Buffalo Wings

From: stevew@rb-csd.sandiegoca.ncr.com

Date: Sat, 7 Aug 93 17:27:55 PDT

This is a wing recipe from a guy who used to cook wings for a living in 
Get some Durkee's Frank's Original Red Hot Cayenne Pepper Sauce, there 
is "no" adequate substitute, you may have to ask your grocer to order it, 
or call Durkee/French's at 714-526-3363.  If it's the little bottles, get 
two or three of them, I get the gallon jug from a restaurant supply place, 
cheap!   It used to be called Frank's Red Hot Pepper Sauce, then it was 
Durkee's Louisiana Hot Sauce, but there already was a brand name Louisiana 
Hot Sauce.  Still tastes the same!

Acquire some margarine.  Only margarine works right (correct taste and 
resistance to burning).  Neither oil nor butter will substitute.  

Get the wings cut up, and start heating up the frying grease.  Some 
revisionist (or health-conscious) types insist on other cooking methods, 
but there is nothing like the real crisp-on-the-outside moist
-and-chewy-on-the-inside texture of fried wings.  

Make up the sauce.  Put the Durkee's and margarine into a skillet or  
saute pan big enough to comfortably hold one fryer-load of wings.  The 
total amount of sauce at once should be about a quarter of an inch in the 
bottom of the pan.  

The proportions are:

Equal parts is the nominal starting point (called "medium" in Buffalo).  
A bit of tingle, but not very spicy.  

Undiluted Durkee's doesn't taste as good, but is pretty hot.  Three to 
one, Durkee's to margarine is about as hot as I like it.  

For the really timid (like kids) just a splash of Durkee's in the margarine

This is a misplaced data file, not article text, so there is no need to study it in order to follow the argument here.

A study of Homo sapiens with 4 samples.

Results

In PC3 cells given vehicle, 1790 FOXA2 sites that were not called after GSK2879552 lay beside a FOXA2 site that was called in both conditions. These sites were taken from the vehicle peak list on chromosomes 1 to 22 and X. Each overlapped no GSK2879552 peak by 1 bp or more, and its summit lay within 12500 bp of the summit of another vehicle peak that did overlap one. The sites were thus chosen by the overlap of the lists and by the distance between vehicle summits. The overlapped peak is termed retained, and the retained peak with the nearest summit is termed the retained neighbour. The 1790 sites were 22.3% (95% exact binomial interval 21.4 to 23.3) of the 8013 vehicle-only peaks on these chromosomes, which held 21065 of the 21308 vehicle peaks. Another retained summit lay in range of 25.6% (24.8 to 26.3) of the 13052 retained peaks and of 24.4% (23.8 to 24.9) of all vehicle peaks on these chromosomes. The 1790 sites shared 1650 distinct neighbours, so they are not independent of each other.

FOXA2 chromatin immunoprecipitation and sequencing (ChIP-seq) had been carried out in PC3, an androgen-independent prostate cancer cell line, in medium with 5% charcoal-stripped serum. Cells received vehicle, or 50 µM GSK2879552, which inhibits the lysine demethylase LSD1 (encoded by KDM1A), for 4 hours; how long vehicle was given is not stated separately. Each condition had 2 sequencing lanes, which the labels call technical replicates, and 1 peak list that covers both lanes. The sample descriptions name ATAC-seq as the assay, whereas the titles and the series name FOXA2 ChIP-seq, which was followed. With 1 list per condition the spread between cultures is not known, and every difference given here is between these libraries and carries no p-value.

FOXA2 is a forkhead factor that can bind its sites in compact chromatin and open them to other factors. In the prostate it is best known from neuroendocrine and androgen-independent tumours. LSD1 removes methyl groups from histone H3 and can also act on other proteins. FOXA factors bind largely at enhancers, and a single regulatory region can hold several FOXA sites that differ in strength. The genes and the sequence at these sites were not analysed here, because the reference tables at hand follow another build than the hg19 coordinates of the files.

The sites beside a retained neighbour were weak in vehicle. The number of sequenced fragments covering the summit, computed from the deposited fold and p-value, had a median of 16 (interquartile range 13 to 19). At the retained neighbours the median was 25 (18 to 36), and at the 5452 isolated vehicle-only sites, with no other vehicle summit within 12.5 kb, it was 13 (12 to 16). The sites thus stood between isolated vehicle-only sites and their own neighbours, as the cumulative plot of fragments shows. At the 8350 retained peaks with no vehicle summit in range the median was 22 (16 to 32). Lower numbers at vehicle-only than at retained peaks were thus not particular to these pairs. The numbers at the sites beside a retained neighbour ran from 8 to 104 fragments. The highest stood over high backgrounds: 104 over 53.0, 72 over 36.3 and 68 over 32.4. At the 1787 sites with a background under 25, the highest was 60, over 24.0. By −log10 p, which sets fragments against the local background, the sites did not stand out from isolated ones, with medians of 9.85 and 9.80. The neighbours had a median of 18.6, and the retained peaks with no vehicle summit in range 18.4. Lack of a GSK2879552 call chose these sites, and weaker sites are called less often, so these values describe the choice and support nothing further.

gives a little flavor but no noticeable hot.  The idea is to cook up the  
Durkee's and margarine to a bit thicker consistency.  It should simmer for 
5 minutes or so, then be kept hot.  

You can make up just one batch of sauce for a bunch of wings.  You can just  
add more ingredients to the pan as you use up the sauce.  When you add more 
ingredients, you can adjust the spiciness.  

I use this to satisfy everybody, I start out with all the margarine I plan 
to use, and put in just a splash of Durkee's.  That makes a few wings for  
the kids.  Then a bunch more Durkee's to make the wings medium.  Still more 
Durkee's to get it the way I like it.  

Fry the wings.  They're cooked when the bubbles slow down significantly.   
This takes seeing it once to know just how much bubbling corresponds to 
"done," but it doesn't take a rocket scientist to get it right.  At home,  
I put the "drumettes" in first, because they take a minute or two longer  
to  cook.  As always with frying, be sure that you don't put in so much 
food that the temperature of the fat drops below 325 or so, and have the 
heat on so it gets back up to 375 ASAP.  

As the wings finish cooking, take them out and drain thoroughly.  I 
generally put them in a strainer held over the fat.  Don't pile them up 
in a bowl, or the fat will cool and congeal before it runs off! 

Once the wings are drained, put them in the sauce and get the wings covered 
with sauce.  The official restaurant way to do this is to toss them in the  
air, but your stove cleaner may not appreciate this.

Use tongs to pick the wings out of the pan and let the sauce drain off.  
Toss the wings on a grill or in a hot oven for a few minutes at this point 
to "bake on" the sauce.  

Serve with celery sticks and blue cheese dressing on the side.  Yes, the 
BCD *is* for the wings!  But make sure it is good BCD, with nice chunks of 
good cheese.  (One of the sadder realizations of my growing up is that there 
are some things you just can't get, restaurants get a special Kraft dressing 
that comes only in five-gallon containers that must be continuously 
refrigerated.  Great stuff, not available to you and me.) 


Carnegie Mellon's School of Computer Science (SCS) graciously hosts the Recipe Archive. We encourage you to learn about SCS educational programs and research.